Thanksgiving can be tough for a turkey, but every year two birds get a lucky break thanks to the presidential pardon.
And for the pardoned turkey and its alternate, their large size makes life sweet—but short. Last year's presidentially pardoned turkeys, Apple and Cider, passed away within the year after President Obama pardoned them. [Best Cities to Visit This Thanksgiving.]
Susie Coston, national shelter director of the Farm Sanctuary, a farm animal rescue facility, says that the birds are bred for eating, which makes them fat and prone to heart disease, respiratory conditions, and strained joints. In order to dodge death, she says, the turkeys would need to be on a restrictive diet.
Apple and Cider's deaths, though, won't put a damper on this year's pardoning of the presidential turkeys, who will be named by President Obama. Even before heading to the White House tomorrow, both will get the star treatment with a night stay at the posh W Hotel in downtown Washington. "They might be too excited to even go to sleep," says Sherrie Rosenblatt, spokewoman for the National Turkey Federation, which helps to organize the yearly pardoning.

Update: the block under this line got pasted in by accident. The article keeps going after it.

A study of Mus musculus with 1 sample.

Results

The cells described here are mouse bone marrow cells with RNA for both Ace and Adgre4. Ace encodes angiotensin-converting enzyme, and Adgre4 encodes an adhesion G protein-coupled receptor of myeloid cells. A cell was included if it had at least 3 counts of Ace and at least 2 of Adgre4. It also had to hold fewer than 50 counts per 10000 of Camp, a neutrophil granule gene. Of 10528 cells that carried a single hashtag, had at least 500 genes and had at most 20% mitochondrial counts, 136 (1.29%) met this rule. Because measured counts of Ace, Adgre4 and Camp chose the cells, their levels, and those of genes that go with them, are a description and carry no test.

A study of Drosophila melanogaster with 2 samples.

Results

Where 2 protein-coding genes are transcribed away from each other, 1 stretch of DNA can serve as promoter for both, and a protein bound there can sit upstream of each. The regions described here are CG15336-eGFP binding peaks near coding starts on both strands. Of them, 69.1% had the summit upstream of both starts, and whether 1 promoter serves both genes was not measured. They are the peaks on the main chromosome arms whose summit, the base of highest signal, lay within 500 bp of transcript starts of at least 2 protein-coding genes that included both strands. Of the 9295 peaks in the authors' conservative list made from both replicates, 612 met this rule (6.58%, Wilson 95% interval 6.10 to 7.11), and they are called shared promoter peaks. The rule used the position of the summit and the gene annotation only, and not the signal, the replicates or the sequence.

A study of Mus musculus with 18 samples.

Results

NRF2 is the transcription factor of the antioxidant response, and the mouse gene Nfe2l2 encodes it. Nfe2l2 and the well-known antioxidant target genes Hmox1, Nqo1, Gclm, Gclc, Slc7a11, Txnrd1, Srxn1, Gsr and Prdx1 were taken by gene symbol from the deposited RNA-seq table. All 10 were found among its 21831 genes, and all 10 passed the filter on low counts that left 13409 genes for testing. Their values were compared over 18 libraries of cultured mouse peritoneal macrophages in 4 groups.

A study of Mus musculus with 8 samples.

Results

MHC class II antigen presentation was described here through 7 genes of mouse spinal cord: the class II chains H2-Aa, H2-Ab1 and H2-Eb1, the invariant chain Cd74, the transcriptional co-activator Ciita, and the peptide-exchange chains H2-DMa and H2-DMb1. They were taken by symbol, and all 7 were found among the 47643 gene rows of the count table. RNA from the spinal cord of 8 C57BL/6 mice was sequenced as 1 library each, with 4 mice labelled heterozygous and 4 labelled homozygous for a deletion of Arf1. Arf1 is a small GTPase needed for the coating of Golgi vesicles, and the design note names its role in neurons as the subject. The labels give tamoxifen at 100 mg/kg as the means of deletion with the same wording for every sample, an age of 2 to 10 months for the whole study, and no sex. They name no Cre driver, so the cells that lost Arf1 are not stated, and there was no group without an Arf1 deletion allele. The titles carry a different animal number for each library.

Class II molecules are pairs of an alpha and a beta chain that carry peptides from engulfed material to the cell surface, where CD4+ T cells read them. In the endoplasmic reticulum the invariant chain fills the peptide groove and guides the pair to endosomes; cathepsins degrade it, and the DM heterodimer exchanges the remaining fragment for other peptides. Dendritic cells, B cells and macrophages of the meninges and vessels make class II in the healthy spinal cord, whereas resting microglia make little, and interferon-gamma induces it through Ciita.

Why two birds? One is chosen as an alternate in case the other dies before the Rose Garden event. This year's birds are from Minnesota.
Rossenblatt says the birds are specially selected at birth to be part of the pardoning ceremony. They are exposed to music, hand feeding, cameras, and loud noises to prepare them for the event, covered by the White House press corps. [Bachmann’s Thanksgiving: Cheap Bird and ‘Turkey Bingo’.]
"It is kind of like a beauty pageant," Rosenblatt says. "The turkeys have to look good on camera, but also have a nice demeanor. They have to have pride in the honor that is bestowed upon them."
After the ceremony at the White House, both of the turkeys will be taken to George Washington's Mount Vernon Estate, Museum & Gardens in nearby Virginia, where they will live out the remainder of their lives. The pardoned turkey will be part of the Christmas display, where it is a "popular draw," says Rebecca Aloisi, vice president of marketing at Mount Vernon.